By Charles Abbott WASHINGTON (Reuters) - House Speaker John Boehner, in his gloomiest assessment yet, lamented the lack of "real progress" toward a compromise $500 billion farm bill and said on Thursday the House would try to head off a potential doubling of milk prices in January. Congress is more than a year behind schedule in overhauling U.S. farm law, hobbled by a disagreement over cuts in food stamps for the poor. Some level of food stamp cuts seem certain, however. Senate negotiators have offered $4.5 billion in savings, by closing a loophole on utility costs, and say they are open to additional savings if they do not push vulnerable families out of the program.
The White House said on Thursday that the air defense zone declared by China over parts of the East China Sea is provocative and not consistent with the behavior of a major power, and again urged Beijing not to implement it. "We, the United States, do not recognize and we do not accept it, and will not change the way the United States conducts military operations in the region," White House spokesman Jay Carney told reporters. Carney stopped short, however, of demanding that Beijing rescind its proclamation last month of what it has called an air defense identification zone in an area that includes disputed islands.
By Patricia Zengerle WASHINGTON (Reuters) - U.S. House of Representative Speaker John Boehner said on Thursday he wants his fellow Republicans to be more "sensitive" as they seek to appeal to women voters in next year's congressional elections. "I try to get them to be a little bit more sensitive," Boehner said at his weekly news conference, when asked what advice he was giving his fellow Republicans as they campaign against Democratic women candidates, and try to attract female voters. There are 81 women members of the House, of whom 62 are Democrats, compared with 19 Republicans. In the Senate, 16 of the 20 women are Democrats and four are Republicans.
WASHINGTON (Reuters) - The U.S. House of Representatives on Thursday approved a bill aimed at reining in "patent trolls," companies that buy or license patents from others, then extract licensing fees after filing infringement lawsuits viewed by many as frivolous. The House passed the bill overwhelmingly by a vote of 325 to 91. The Senate is considering a similar measure and could act before the end of the year. The White House has expressed support for the bill. ...
By Richard Cowan and David Lawder WASHINGTON (Reuters) - U.S. congressional negotiators on Thursday aimed to put the finishing touches on a two-year budget deal that would avoid another federal shutdown next month and suspend some across-the-board spending cuts set to hit military and other domestic programs, congressional sources said. Senate Budget Committee Chairwoman Patty Murray and House of Representatives Budget Committee Chairman Paul Ryan were trying to seal a deal before a December 13 deadline. If the House, led by Republicans, were to approve the measure, it would be up to the Democratic-controlled Senate to sign off too, probably the following week. But first, Ryan and Murray had difficult issues to resolve, including the size of benefit cuts to federal workers' retirement programs and possible fee increases for air travelers.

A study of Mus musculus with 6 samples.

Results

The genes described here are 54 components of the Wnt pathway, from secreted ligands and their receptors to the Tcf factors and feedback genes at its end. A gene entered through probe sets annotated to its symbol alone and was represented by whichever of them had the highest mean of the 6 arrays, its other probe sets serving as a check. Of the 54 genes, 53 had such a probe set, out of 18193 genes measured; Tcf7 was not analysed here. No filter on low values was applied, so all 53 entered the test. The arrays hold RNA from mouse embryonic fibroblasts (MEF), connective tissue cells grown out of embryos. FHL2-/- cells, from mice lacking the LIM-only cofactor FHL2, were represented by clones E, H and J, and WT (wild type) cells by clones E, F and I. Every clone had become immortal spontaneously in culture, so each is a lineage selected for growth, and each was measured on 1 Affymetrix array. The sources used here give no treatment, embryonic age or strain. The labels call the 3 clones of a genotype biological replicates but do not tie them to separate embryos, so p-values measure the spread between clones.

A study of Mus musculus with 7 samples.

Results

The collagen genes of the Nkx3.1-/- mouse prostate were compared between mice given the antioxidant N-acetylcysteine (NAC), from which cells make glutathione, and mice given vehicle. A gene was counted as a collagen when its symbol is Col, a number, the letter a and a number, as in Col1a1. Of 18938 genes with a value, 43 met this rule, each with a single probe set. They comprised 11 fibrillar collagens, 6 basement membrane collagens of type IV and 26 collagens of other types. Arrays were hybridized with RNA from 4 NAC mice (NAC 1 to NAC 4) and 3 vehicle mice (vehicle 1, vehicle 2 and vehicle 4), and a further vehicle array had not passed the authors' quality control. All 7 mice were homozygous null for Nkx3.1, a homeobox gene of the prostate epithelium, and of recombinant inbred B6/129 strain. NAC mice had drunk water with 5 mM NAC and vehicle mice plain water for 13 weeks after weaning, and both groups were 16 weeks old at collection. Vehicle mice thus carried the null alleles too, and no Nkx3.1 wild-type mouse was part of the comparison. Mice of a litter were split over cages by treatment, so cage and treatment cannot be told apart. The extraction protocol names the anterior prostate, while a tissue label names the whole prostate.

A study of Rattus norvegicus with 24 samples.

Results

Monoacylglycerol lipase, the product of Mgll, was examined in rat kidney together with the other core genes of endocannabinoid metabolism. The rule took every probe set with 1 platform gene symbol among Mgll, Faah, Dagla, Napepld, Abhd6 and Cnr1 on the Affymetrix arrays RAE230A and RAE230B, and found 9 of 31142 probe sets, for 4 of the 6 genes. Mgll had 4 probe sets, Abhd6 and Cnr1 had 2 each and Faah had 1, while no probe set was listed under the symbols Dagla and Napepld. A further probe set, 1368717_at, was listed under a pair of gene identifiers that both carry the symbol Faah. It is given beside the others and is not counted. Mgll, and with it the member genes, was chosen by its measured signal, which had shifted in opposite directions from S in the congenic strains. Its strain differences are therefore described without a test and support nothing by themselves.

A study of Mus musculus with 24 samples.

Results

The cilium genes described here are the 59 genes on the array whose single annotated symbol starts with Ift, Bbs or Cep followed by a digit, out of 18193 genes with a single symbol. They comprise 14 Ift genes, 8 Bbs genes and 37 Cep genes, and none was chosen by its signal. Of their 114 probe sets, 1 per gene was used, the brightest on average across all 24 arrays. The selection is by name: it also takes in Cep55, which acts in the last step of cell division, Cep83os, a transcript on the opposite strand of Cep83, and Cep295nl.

By Emily Flitter NEW YORK (Reuters) - U.S. prosecutors have charged 49 current and former Russian diplomats and their family members with participating in a scheme to get health benefits intended for the poor by lying about their income. Each of the 49 people was charged with one count of conspiracy to commit healthcare fraud and one count of conspiracy to steal government funds and make false statements relating to healthcare matters, according to the charges. A spokesman for the Federal Bureau of Investigation, Peter Donald, said no one was arrested. A person briefed on the matter said the diplomats all had diplomatic immunity and Russia would have to waive it in order for any arrests to be made.
By Chris Francescani NEW YORK (Reuters) - Bill Bratton, who has run police departments in New York, Los Angeles and Boston, was tapped on Thursday by New York City Mayor-elect Bill de Blasio to become the city's next police commissioner. Bratton, 66, will take over from Ray Kelly, who along with Mayor Michael Bloomberg, has overseen the city's security in the years after the September 11, 2001, attacks and the historic, two-decade long drop in murders and violent crime. "Bill Bratton is a proven crime-fighter," de Blasio said in a statement. Together, we are going to preserve and deepen the historic gains we've made in public safety - gains Bill Bratton helped make possible." "And we will do it by rejecting the false choice between keeping New Yorkers safe and protecting their civil rights," de Blasio said.
The White House piled pressure on Republicans on Thursday to extend U.S. jobless benefits with a report that estimated a failure to take action could lead to a loss of 240,000 jobs in 2014. About 1.3 million Americans stand to lose jobless benefits on January 1 unless Congress agrees on an extension, and President Barack Obama and his fellow Democrats are trying to overcome opposition from Republican lawmakers to extend the benefits as part of a budget deal. A joint report from the White House Council of Economic Advisers and the Labor Department estimated that without an extension of the benefits, GDP could be .2 percent to .4 percent lower. Failing to extend jobless benefits, the report said, would reduce economic demand and cost 240,000 jobs next year.